Sports Gambling-States

FILE - In this Jan. 14, 2015, file photo, odds are displayed on a screen at a sports book owned and operated by CG Technology in Las Vegas. (AP Photo/John Locher, File) 

Former New Jersey Gov. Chris Christie is set to speak at a gaming industry-sponsored event in New Orleans next month that is expected to draw state lawmakers from around the country.

The National Council of Legislators from Gaming States annual meeting is set to focus heavily on sports betting — an issue that is likely to become a hot topic in the Louisiana Capitol when the State Legislature meets again next year.

Christie, as governor, led a seven-year effort to legalize sports wagering in New Jersey that ended earlier this year with a U.S. Supreme Court ruling that upended the federal prohibition.

Since then, states have been scrambling to allow casinos to add sports betting to their gaming offerings.

"The Supreme Court ruling is bringing sports betting out of the shadows and allowing each state to decide for itself whether to include this form of gambling in its overall gaming framework," Christie said in a news release from the hosting organization. "I look forward sharing my insights – including those gained from our disagreements with the major sports leagues – with gaming legislators from across the country in New Orleans."

Louisiana lawmakers unsuccessfully attempted earlier this year to pass a law that would have allowed sports betting if the New Jersey case was successful.

Legislators in support of the proposal have since vowed that they will try again during the legislative session that begins April 8.

According to an agenda for the Jan. 4-6 NCLGS meeting in New Orleans, State Sen. Ronnie Johns, R-Lake Charles, and Louisiana Gaming Control Board chair Ronnie Jones are slated to give a joint opening address, and Louisiana Office of Charitable Gaming director Michael E. Legendre and Louisiana Lottery Corporation President and CEO Rose Hudson will be on panel discussions.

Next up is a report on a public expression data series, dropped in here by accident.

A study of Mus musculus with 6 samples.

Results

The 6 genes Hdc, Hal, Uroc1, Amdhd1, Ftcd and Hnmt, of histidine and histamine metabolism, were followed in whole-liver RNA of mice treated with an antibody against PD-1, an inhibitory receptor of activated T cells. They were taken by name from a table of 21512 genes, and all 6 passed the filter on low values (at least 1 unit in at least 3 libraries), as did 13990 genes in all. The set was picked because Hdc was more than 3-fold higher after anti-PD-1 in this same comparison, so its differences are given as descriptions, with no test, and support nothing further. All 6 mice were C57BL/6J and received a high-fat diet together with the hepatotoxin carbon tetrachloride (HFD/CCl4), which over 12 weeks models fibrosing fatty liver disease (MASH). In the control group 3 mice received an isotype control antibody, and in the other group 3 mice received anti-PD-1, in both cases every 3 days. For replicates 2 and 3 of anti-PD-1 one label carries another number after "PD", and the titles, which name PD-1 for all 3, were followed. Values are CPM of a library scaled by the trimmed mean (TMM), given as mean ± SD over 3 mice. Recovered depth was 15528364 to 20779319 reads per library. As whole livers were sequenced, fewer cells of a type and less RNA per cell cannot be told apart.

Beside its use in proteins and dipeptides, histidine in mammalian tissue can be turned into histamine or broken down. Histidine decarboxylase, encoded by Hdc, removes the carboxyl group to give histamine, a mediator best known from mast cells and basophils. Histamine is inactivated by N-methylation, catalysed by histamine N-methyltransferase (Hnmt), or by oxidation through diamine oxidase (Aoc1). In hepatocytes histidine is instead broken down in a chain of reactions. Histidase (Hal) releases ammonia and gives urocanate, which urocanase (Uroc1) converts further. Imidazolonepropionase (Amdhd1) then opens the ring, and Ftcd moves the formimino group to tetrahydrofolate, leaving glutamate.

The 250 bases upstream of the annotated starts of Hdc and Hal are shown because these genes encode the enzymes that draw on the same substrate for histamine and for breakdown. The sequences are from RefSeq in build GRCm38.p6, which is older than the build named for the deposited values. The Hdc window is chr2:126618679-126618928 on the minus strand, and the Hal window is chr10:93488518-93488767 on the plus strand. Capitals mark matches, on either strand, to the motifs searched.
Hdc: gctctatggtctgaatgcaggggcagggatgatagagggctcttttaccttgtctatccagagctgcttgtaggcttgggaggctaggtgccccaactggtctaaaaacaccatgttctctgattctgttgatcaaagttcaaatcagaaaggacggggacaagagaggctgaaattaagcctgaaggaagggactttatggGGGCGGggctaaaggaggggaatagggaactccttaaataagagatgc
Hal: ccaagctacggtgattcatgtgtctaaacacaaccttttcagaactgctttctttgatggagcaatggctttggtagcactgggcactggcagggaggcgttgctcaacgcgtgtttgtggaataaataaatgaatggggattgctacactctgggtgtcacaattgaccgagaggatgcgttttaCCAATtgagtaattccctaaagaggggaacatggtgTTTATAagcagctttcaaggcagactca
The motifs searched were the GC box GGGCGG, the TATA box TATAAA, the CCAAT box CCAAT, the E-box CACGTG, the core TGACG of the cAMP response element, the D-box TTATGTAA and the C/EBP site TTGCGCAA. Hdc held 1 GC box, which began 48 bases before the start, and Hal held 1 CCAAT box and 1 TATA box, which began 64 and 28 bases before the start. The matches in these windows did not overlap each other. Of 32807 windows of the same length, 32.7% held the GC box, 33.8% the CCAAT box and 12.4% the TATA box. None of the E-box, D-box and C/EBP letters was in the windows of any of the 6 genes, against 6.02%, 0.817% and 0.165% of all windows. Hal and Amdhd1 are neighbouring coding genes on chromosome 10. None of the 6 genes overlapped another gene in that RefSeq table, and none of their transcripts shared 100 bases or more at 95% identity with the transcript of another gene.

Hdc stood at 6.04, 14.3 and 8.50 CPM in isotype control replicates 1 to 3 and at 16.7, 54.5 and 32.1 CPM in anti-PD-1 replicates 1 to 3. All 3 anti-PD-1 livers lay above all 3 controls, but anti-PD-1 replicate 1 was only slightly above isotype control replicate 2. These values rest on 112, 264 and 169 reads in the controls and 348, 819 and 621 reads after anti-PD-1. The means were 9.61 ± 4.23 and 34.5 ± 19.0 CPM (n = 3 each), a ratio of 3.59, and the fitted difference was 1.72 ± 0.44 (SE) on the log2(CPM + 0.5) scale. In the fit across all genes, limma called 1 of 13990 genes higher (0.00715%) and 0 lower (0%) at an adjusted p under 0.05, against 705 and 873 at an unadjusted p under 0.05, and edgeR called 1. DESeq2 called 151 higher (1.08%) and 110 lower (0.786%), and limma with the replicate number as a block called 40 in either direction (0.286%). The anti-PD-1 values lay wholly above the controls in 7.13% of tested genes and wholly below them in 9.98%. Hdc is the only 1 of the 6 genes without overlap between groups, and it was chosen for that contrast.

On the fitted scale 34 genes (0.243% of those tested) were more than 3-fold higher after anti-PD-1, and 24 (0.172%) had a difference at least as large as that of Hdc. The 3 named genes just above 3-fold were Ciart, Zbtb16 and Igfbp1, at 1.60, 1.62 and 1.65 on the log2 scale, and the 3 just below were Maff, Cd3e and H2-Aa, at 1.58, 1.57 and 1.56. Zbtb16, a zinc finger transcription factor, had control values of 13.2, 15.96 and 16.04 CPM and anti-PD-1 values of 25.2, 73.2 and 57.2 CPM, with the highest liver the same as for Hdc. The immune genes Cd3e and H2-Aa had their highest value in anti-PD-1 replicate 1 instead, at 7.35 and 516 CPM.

Legislators who attend will shell out $300 for registration, plus hotel and travel costs. But a NCLGS representative pointed out during a discussion on Kansas's proposal that the group also offers scholarships to pay for lawmakers to attend its meetings.

The nation's top casino operators and others connected to the industry are the underwriters for the event.

The event, which will take place at Harrah's New Orleans, has come under recent scrutiny, as officials in Kansas opted to delay action on sports betting until after the industry-sponsored junket. The state still needs to fine-tune its regulations.

The Wichita Eagle reported this week that at least one Kansas lawmaker objected to the situation.

According to The Eagle, Rep. John Carmichael, a Wichita Democrat, said the situation approaches a quid pro quo.

“Let’s all go down to New Orleans on these folks’ tab, and then after we’ve enjoyed their hospitality, we will write the legislation. That is far beyond the bounds of propriety,” Carmichael said, according to the paper's report.

It's unclear how many Louisiana legislators are planning to attend, though ethics records show several have reported going to NCLGS events in the past, and sports betting is already a priority issue for the coming session.

Follow Elizabeth Crisp on Twitter, @elizabethcrisp.